Eight Verses of Training the Mind of Geshe Langri Tangpa — Complete Concise Path of the Bodhisattva
The Eight Verses of Training the Mind by Gesha Langri Thangpa is the most concise teaching on Lojong, or “training the mind,” in Mahayana Buddhism — and at the same time, in eight precise verses are a profound and layered teaching.
“The main point this verse emphasizes is to develop an attitude that enables you to regard other sentient beings as precious, much in the manner of precious jewels.” — His Holiness the Dalai Lama. 
These verses are a complete “path” — complete teachings on the two aspects of Buddhism: Compassion and Wisdom. The first seven verses focus on Compassion and only the eighth verse is focused on “Wisdom.” This may seem odd, at first, since this is “training for the mind.” Yet, like carefully constructed Sadhanas — or practice texts — the first seven verses on Compassion lay the foundation for Wisdom. Wisdom cannot arise in absence of Compassion. Compassion always arises from Wisdom. In Vajrayana, this is symbolized by the iconic “vajra and bell” — representing compassion and wisdom. By tradition, these meditational implements are never separated, except when we hold the Bell in our left hand and the Vajra (dorje) in our right. [For a feature about the Vajra and Bell, explaining all the symbolism, see>>]
- Event Notice: For information on a teaching on the Eight Verses of Training the Mind — available in person at Gaden Choling in Toronto, or via Zoom — on June 27, 2023 at 6:30pm EDT, at Tickettailor>>
His Holiness, the 14th Dalai Lama, in his commentary on the eight versus introduced the first verse this way:
“In on sense, we can say that other sentient beings are really the principal source of all our experiences of joy, happiness, and prosperity, and not only in terms of our day-to-day dealings with people. We can see that all the desirable experiences that we cherish or aspire to attain are dependent upon cooperation and interaction with other sentient beings. It is an obvious fact. Similarly, from the point of view of a practitioner on the path, many of the high levels of realization that you gain and the progress you make on your spiritual journey are dependent upon cooperation and interaction with other sentient beings. Furthermore, at the resultant state of buddhahood, the truly compassionate activities of a buddha can come about spontaneously without any effort only in relation to sentient beings, because they are the recipients and beneficiaries of those enlightened activities…” 
Another way of synopsizing the Eight Verses is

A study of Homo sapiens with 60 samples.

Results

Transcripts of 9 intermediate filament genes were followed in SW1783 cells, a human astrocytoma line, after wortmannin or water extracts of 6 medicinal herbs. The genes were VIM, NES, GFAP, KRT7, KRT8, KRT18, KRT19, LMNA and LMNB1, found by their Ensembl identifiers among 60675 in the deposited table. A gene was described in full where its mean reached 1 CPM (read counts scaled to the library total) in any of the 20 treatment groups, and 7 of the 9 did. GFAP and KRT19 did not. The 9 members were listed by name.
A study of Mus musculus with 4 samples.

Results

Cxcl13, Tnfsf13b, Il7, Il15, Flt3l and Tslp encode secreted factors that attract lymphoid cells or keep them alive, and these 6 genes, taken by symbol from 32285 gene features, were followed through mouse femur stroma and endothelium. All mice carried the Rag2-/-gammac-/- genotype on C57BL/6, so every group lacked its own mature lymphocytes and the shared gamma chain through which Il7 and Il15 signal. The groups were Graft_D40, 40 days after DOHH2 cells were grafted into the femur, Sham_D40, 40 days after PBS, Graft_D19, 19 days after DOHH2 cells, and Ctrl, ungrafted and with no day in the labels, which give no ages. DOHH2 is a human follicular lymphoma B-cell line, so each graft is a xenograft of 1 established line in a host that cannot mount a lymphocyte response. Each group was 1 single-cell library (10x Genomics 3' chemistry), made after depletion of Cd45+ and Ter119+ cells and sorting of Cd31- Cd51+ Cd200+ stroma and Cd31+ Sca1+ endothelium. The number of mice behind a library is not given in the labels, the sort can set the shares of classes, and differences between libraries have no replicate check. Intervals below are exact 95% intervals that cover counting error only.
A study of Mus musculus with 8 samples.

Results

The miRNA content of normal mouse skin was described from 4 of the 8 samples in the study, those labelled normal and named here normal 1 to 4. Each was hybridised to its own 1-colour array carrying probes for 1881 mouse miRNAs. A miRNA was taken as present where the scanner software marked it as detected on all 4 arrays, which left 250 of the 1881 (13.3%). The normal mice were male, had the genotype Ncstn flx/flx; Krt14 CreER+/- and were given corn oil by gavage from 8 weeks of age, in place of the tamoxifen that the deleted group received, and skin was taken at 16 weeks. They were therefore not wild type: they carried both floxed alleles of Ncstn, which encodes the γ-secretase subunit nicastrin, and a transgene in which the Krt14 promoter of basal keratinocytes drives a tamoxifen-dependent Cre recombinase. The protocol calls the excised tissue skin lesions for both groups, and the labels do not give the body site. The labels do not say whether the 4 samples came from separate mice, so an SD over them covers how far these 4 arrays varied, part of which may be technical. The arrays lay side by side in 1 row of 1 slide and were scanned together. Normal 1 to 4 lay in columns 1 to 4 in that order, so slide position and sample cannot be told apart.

Eight Verses of Training the Mind
by Geshe Langri Thangpa 
1. By thinking of all sentient beings
As more precious than a wish-fulfilling jewel
For accomplishing the highest aim,
I will always hold them dear.
2. Whenever I’m in the company of others,
I will regard myself as the lowest among all,
And from the depths of my heart
Cherish others as supreme.
3. In my every action, I will watch my mind,
And the moment destructive emotions arise,
I will confront them strongly and avert them,
Since they will hurt both me and others.
4. Whenever I see ill-natured beings,
Or those overwhelmed by heavy misdeeds or suffering,
I will cherish them as something rare,
As though I’d found a priceless treasure.
5. Whenever someone out of envy
Does me wrong by attacking or belittling me,
I will take defeat upon myself,
And give the victory to others.
6. Even when someone I have helped,
Or in whom I have placed great hopes
Mistreats me very unjustly,
I will view that person as a true spiritual teacher.
7. In brief, directly or indirectly,
I will offer help and happiness to all my mothers,
And secretly take upon myself
All their hurt and suffering.
8. I will learn to keep all these practices
Untainted by thoughts of the eight worldly concerns.
May I recognize all things as like illusions,
And, without attachment, gain freedom from bondage.
 Training the Mind: Verse 1 — Commentary by His Holiness the Dalai Lama, found here>>
 From Lotsawa House | Rigpa Translations. Revised 2012.
Lee Kane is the editor of Buddha Weekly, since 2007. His main focuses as a writer are mindfulness techniques, meditation, Dharma and Sutra commentaries, Buddhist practices, international perspectives and traditions, Vajrayana, Mahayana, Zen. He also covers various events.
Lee also contributes as a writer to various other online magazines and blogs.